As we wade in the waters of COVID-19 and reopening our schools, here are some articles that give us evidence on what works and what doesn’t.
We all know schools are on the front lines of dealing with our collective trauma. This thorough guide from the National Child Traumatic Stress Network (NTCSN) offers researched rationale for a trauma-informed approach to classroom and school leadership. It covers a lot of important ground (caring for staff and students’ physical and emotional well-being; identifying and addressing trauma; creating safe, responsive learning environments) in order to prioritize student mental health, safety, and wellness. Read this to make sure your practice is student-centered and trauma-informed.
This project from Education Week highlights the need for educational equity at all levels. Much like Black Lives Matter’s claim that no one is free until Black Americans are free, this framework focuses on the highest need students first. It includes several “deep dives” on serving English language learners and students experiencing homelessness. It also emphasizes the importance of parent trust across racial and socioeconomic groups. What are we doing to close the opportunity and equity gaps?
Systemic health, social, and racial injustices mean that BIPOC and marginalized groups are more susceptible to the physical and economic effects of COVID. The President of the National Association of School Nurses penned this piece on the heels of NASN’s position brief Eliminate Racism to Optimize Student Health and Learning. This letter explains the disparities in school health, discipline, and educational outcomes that are only being exacerbated by the current pandemic. The NASN takes an admirably strong stance and argues antiracism should start in schools.
The Brookings Institution conducted a study with over 5 million 3-8th graders who took MAP growth assessments in 2017-2018 to project learning outcomes for 2020-2021. They find that students could drop significantly in their reading and math, retaining anywhere from 70% to 25% of what would be expected in a typical year. This has been called the “COVID Slide” that could create a whole generation of kids with irrecoverable learning loss. While there are too many early variables to be definitive, it’s important to recognize the systemic factors affecting student learning.
Mckinsey and Company take this “COVID Slide” and apply it to greater impacts of education. Namely, the US economy. This projects learning loss in different school scenarios (in person, hybrids, returns in fall or spring) as well as across different socioeconomic and racial groups. It even projects for future earnings and GDP loss. Throughout this pandemic, certain lawmakers insisted businesses remain open, but they failed to realize that if we prioritized opening schools from the beginning, our economy would be in a very different place today. As schools are a part, or pawn of, our capitalist system, it’s critical we recognize what those with power often prioritize as outcomes for our students.
Speaking of capitalism, when schools were thrown into crisis this spring, technology companies were at the ready with “easy” solutions. Personal devices and home internet became necessities for effective teaching and student engagement. However, this paper explores the technologization of our schools. It urges leaders to question if hastily onboarded technology can, or should, fix our “broken” education system. Is everything we’re adopting good for the future of education, and or just necessary for now?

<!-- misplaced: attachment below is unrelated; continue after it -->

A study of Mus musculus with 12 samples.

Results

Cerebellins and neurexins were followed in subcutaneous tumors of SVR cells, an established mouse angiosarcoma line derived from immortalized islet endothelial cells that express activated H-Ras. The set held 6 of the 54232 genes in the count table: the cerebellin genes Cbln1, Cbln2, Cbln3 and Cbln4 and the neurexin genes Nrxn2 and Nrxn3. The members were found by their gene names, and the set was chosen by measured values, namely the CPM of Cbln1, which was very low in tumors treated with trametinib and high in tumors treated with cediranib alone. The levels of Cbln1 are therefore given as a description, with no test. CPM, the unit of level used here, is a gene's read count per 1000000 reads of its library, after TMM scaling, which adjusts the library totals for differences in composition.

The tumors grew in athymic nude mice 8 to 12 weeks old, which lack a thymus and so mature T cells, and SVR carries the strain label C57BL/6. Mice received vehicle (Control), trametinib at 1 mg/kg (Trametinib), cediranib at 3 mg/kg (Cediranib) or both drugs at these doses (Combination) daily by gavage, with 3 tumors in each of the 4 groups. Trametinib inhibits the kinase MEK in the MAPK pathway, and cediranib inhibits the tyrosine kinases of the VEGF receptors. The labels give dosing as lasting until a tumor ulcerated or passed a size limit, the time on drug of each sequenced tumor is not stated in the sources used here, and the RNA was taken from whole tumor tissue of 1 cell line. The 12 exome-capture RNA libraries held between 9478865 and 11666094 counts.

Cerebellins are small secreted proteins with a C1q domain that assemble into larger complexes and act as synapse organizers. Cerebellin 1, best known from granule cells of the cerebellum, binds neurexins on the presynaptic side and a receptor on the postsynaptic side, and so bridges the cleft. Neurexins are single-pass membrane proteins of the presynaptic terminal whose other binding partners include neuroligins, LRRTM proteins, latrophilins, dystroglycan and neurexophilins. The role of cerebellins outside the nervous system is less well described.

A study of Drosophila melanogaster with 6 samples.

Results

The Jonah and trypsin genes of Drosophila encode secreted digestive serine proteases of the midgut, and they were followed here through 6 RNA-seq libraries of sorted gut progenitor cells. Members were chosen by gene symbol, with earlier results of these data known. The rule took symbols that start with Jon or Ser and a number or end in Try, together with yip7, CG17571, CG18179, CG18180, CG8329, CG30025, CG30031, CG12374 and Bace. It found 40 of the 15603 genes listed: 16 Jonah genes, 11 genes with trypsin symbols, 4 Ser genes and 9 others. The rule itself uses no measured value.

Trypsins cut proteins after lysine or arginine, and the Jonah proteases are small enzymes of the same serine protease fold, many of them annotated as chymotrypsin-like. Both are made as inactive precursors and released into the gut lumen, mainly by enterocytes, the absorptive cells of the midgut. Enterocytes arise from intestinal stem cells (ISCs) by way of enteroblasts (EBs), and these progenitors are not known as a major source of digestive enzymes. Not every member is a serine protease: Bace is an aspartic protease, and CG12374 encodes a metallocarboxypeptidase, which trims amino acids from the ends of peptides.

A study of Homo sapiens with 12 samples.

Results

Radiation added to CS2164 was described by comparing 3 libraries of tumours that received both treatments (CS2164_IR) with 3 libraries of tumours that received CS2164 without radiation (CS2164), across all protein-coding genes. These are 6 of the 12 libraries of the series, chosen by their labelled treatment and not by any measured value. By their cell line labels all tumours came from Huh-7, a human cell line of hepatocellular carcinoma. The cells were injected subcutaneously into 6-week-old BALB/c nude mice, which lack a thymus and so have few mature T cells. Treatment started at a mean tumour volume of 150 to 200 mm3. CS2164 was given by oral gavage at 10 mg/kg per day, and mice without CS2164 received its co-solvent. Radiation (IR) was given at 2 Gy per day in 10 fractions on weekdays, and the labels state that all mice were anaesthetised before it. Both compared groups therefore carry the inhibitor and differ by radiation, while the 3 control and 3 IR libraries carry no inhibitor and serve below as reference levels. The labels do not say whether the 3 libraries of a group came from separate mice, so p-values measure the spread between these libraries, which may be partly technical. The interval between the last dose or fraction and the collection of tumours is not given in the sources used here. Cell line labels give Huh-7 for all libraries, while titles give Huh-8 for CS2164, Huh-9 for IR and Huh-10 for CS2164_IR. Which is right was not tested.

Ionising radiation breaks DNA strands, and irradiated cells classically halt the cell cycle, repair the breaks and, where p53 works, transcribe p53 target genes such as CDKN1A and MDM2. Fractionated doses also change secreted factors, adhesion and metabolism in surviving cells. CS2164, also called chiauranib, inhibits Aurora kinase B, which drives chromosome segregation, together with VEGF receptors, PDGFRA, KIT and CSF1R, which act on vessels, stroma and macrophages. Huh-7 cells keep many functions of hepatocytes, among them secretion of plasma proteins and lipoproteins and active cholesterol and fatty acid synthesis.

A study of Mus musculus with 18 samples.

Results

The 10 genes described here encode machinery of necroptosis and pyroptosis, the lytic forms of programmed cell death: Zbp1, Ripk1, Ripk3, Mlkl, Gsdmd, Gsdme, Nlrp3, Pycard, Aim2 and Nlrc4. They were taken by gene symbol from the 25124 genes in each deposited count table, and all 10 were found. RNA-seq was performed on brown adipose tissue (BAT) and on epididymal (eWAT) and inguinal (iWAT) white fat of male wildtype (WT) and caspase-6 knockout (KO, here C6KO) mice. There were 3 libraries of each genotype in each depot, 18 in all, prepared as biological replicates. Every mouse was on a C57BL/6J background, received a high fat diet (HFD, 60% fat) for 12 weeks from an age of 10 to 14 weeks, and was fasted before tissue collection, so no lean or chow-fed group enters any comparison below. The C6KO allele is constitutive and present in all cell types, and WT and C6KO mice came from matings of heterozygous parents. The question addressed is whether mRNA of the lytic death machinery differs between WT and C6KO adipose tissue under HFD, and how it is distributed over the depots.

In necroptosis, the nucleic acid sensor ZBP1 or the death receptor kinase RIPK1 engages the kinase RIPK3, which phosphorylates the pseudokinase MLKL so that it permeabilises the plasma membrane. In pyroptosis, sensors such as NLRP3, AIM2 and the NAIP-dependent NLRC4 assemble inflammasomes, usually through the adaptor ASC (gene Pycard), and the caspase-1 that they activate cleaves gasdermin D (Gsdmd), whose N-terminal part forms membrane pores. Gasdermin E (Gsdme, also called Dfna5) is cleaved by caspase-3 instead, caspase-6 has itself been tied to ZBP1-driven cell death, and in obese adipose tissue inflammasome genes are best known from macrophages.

With schools hybrid or fully remote, teachers’ differentiation superpowers are more important than ever. Educators need to recognize and address the emotional, physical, and academic needs of all students, especially in light of other social inequities that play out in our school systems. This paper identifies widespread classroom academic needs and divides best intervention practices into universal, targeted, and intensive tiers for now and for a future return to school.
Schools offer so many essential services to students that closures mean a loss in vital services like school meals and school based health centers. Districts have had to be creative in how they offer everything from lunches and internet access to health exams and counseling. It’s clear there is a disproportionate health impact of closures on vulnerable children, and it’s up to school leaders to fill that gap.
The crisis teaching we all found ourselves thrust into this spring completely redefined the nature of our jobs. Almost everything about the daily work of teachers has changed. So, what does this mean for the future of the profession? This paper explores culturally responsive teaching, student-teacher mentorship, educator stress, and efficacy regarding teacher education. The “COVID generation” might not impact just K-12 teachers, but the future of the teaching profession.
We’re reaching nine of this pandemic, and for many states, this means nine months out of school. After all this time, several critical questions still loom large. Does closing schools help slow the spread of COVID? If so, should they remain closed? The JAMA network investigated all fifty states and their school closures from March 19 to May 7th, 2020. They concluded the closures did correlate to COVID case decreases. The states that closed earlier also saw the largest relative reduction in both cases and deaths. However, they can’t definitively say that other interventions (mask mandates, business closures) weren’t also a significant factor. So, as with most questions this year, the answer is…possibly?